Welcome back to another update from our expert communities! The news was slower this week, but only in comparison to the two or three weeks prior.
We’ve still got updates on the biggest stories, like the Bing Ads reporting data outage, Twitter’s new “Best Tweets First” feature, the ability to suggest changes in Google’s Knowledge Graph, and more.
We’ve also got some great data and discussion about Instagram ads to share – so let’s dive in!
Even giants stumble sometimes. Microsoft and Bing have been talking a big talk about 2016. It’s supposed to be their year to really shine. This appears to be their first major challenge.
Way back on February 6, users of Bing Ads began seeing large delays in their data. Almost two days of data went missing, though Bing assures everyone that there will be no loss in revenue.
That doesn’t mean that the situation isn’t frustrating, though.
“Just when I start convincing my clients that Bing Ads can play with the big boys, they pull this,” writes WebmasterWorld user netmeg.
User SEO2Go added, on February 10,
“My stats haven’t been updated since 2/6/16. I am contemplating pulling the ads, as I am not sure at this point if ANY of the clicks are being counted.”
Again, Bing has said that “There will be no impact to revenue or ad serving and this is limited only to reporting.” As of February 11, some delays still exist but it seems like Bing might have everything fixed soon.Twitter's New Timeline Option Inserts 'Best Tweets First'Click To Tweet
Twitter’s got a new feature that puts Tweets with the most likes, and those from accounts you interact with most often, at the top of your feed.
Buzzfeed reported this as “a reordering of the timeline into an algorithmic feed,” last week, but Jeff Seibert says that’s not true at all. Sounds like a useful feature, right? Well, it might have some drawbacks.
WebmasterWorld user JS_Harris writes, “Options are great but most casual users don’t change them and it’s very unlikely they will ever see your tweets with this setting, unless you’re a Twitter celeb already.” So how useful or detrimental this new feature is for marketers and “small fish” remains to be seen.
Here’s another interesting thread from WebmasterWorld. A user admits that
“SEO has taken a back burner to my list of priorities over the years,”
but they’ve spent those years creating great content and trying to server a user-friendly experience to their visitors. Still, over the years, they’ve watched their site slowly slide from first position to fourth page.
The users of WebmasterWorld have a ton of great suggestions for how to diagnose a problem like this – and there are many site owners with similar issues, I feel. Give this thread a read with your morning cup of coffee or tea – you won’t regret it.
Our final item from WebmasterWorld! In this thread, a user appears to be under attack. Somehow, the pages of their sites are being de-indexed… and impostors are popping up to take their place.
User Robert Charlton suggests that it could be the work of a now notorious Polish hacker, as revealed in a piece from Search Engine Roundtable by Barry Schwartz.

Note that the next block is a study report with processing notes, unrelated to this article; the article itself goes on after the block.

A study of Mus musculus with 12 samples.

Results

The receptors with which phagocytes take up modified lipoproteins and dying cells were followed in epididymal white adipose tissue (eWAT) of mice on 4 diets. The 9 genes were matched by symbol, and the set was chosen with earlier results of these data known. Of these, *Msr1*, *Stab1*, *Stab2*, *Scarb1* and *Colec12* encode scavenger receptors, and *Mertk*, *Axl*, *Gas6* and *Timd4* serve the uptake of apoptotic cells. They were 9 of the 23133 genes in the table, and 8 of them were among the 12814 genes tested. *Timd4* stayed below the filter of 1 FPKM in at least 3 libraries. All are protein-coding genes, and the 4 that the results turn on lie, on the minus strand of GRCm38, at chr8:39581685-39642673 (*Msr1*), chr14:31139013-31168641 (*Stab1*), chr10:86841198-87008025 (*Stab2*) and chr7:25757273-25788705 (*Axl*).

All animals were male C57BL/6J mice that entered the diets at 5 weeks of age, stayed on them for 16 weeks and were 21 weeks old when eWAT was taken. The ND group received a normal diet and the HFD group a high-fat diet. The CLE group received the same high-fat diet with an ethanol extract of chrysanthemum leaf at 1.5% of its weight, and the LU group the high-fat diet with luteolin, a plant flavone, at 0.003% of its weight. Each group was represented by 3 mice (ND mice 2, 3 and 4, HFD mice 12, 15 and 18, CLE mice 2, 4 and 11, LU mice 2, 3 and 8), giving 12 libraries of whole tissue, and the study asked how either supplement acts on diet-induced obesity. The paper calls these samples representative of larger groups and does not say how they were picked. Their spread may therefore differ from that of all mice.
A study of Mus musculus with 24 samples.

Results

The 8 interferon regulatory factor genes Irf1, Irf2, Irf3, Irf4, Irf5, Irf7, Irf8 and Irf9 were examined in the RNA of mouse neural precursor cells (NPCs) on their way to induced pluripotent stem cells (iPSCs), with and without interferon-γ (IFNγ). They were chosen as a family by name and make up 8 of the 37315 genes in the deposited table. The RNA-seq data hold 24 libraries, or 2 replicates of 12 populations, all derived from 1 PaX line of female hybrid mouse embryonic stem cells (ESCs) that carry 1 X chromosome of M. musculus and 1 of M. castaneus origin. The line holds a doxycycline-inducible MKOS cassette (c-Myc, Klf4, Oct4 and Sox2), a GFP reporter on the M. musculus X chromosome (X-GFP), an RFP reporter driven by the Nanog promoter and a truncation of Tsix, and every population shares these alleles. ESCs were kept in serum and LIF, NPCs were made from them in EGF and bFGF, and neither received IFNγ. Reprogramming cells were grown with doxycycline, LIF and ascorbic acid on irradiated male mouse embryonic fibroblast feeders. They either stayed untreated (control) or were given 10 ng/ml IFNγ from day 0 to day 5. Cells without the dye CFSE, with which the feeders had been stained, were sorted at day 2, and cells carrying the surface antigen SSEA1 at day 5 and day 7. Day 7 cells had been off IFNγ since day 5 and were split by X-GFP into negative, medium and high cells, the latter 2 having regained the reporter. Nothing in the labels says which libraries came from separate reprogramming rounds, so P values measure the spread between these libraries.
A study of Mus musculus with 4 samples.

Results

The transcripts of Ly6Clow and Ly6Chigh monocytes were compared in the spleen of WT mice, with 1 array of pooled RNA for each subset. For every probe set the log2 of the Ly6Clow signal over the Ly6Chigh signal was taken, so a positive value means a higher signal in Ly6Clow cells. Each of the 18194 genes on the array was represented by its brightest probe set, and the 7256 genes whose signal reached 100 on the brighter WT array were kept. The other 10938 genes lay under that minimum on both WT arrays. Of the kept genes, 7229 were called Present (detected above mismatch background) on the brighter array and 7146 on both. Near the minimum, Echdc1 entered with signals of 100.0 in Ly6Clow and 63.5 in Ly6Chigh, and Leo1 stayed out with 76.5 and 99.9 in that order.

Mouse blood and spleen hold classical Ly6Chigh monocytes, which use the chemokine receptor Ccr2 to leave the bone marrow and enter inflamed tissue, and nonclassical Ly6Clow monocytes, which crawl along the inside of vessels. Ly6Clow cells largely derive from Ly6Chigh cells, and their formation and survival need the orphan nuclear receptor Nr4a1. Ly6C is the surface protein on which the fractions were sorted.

Basically, what happens is that the hacker steals your content and puts it into an iframe on their own website. Google, being Google, gets confused and decides that your original is actually the copy – and de-indexes it. But even if it’s not this particular hacker, site hacking is a dangerous threat to webmasters.
Robert Charlton has some other great resources to share if you’re interested in reading up on it.
That’s right – there’s now a box asking you “is this information up-to-date?” in the corner of Knowledge Graph entries if you’re the official representative of the site quoted.
Google determines who is an official representative with Google+ and YouTube accounts, as well as accounts with the quoted website. Mistakes in the Knowledge Graph have frustrated webmasters in the past – maybe this will help cut down on inaccuracies!
One of our reporters on Threadwatch picked up this story from The SEM Post. To keep it short – an unhappy couple write nasty reviews on Yelp and other review sites for their divorce lawyer.
To make their experience seem worse than it actually was, they make up lies and slander the lawyer. Surprise, surprise – they get taken to court for libel and now owe the lawyer $350,000! Careful what you write on the Internet – if it concerns someone’s business, expect them to defend it.
You can advertise on Instagram by going through Facebook’s Ad Manager, which gives you all kinds of fancy targeting options.
Users on SEO Chat are swapping stories about their experiences in this thread. SEO Chat has also published an article with Instagram marketing tips if you find yourself struggling!
Young folks are all over YouTube these days. Some of them get quite popular and are even considered experts in their field – even if that field is just applying makeup.
Search around YouTube for a tutorial, and you’ll find some good stuff… and also some bad stuff.
Users of Cre8asiteforums are talking about the bad quality YouTube tutorials in particular. Does poor video quality, combined with a huge number of videos, equate to an opportunity for an aspiring video producer to show off?